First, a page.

MADRID — Carlos Moreno’s “Todos tus muertos” and Kyzza Terrazas’ “El Lenguaje de los machetes” feature in the 18th Films in Progress showcase, one of the San Sebastian Film Festival’s key industry attractions.
Moreno’s second film, “Muertos” is his follow up to “Reservoir Dogs”-ish deb “Dog Eat Dog,” which was picked up for international by Celluloid Dreams and created buzz at Sundance in 2008.
Like “Dog,” Muertos” turns — if more tangentially — on Colombian mob violence, telling the story of a farm-worker who, on election day, inconveniently discovers a mass of corpses on his land.
A portrayal of the downward spiral of a couple — she’s a musician, he’s a self-destructive political activist –“Machetes” marks the feature film debut of Terrazas, a short story and script writer and producer, who, moving in the orbit of Mexico’s Canana Films, exec produced Gerardo Naranjo’s “Voy a explotar” and “Cochochi,” and wrote Gael Garcia Bernal’s feature debut “Deficit.”
A seven-film lineup, this year’s Films in Progress, which takes place Sept. 21 and Sept. 22, is heavy on pics from Mexico and Colombia, a sign of Mexico’s seemingly inexhaustible well of young talent and Colombia’s status as Latin America’s strongest new national cinema.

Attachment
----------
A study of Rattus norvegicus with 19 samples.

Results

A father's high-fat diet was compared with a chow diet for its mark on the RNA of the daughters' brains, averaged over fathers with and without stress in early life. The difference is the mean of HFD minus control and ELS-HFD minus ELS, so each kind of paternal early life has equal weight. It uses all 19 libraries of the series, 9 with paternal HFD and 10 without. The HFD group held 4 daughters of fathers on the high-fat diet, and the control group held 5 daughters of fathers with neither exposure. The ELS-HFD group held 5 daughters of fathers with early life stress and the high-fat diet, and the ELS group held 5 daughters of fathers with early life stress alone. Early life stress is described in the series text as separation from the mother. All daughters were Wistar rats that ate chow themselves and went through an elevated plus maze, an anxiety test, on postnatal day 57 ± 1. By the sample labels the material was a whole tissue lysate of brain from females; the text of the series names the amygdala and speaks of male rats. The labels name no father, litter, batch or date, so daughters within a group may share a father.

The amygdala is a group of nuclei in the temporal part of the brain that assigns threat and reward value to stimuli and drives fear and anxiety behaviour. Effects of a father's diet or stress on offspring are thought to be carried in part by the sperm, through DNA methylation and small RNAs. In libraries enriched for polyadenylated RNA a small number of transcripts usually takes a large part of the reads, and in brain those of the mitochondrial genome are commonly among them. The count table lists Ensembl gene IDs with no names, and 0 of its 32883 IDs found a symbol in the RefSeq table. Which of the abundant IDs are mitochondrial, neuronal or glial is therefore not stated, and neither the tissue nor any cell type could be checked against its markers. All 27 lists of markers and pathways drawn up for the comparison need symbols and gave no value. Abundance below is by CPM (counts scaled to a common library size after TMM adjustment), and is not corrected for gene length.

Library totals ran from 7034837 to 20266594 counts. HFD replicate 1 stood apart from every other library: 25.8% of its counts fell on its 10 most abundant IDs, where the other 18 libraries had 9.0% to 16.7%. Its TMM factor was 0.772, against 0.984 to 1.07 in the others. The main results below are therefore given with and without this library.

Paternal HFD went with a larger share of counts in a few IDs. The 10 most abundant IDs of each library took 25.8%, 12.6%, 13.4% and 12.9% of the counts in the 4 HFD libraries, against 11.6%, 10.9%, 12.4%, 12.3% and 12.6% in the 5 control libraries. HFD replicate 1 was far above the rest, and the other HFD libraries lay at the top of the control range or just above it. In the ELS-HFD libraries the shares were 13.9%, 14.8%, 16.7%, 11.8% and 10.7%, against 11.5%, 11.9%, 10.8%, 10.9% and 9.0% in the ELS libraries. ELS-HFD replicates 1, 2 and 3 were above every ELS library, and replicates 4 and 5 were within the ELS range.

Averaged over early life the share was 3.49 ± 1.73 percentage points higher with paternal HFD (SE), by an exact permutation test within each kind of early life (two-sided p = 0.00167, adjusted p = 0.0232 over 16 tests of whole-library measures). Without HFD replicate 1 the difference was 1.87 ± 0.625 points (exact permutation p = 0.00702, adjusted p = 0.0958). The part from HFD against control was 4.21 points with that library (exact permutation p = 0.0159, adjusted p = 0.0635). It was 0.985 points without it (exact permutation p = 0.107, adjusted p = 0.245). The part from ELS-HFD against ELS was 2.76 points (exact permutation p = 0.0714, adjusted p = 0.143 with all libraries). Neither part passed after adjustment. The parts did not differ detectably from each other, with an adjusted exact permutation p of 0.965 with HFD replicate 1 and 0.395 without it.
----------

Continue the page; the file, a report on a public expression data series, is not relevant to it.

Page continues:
“Entre la noche y el dia,” turning on the ostracism of an autistic man, is helmed by Mexico’s Bernardo Arellano whose docu short “Zoogocho” was seen at Cannes Intl. Critics’ Week last year.
A third Mexican entry, cinema theater heist caper “Asalto al Cine,” from Mexico’s Iria Gomez Concheiro, already picked up the CineCinema Award at Toulouse Festival’s 17th Films in Progress event this March.
Its Euros15,000 ($20,100) cash prize reps the acquisition of pay TV rights by France’s CanalSat movie channel bouquet Cine Cinema.
Also screening re-cut, having played Toulouse, is “Distancia,” from Guatemala’s Sergio Ramirez, which follows a father about to re-meet his daughter, 20 years after her kidnapping by the army.
The section of rough-cut pics is rounded out by housewife emancipation movie “Karen llora en un bus,” from Colombian first-timer Gabriel Rojas Vargas, and “Mitomana,” directed by Chilean Jose Luis Sepulveda, about an actress who, re-creating her characters in real life, discovers the hypocrisy of contempo Chile.
The 58th San Sebastian festival runs Sept. 17-25.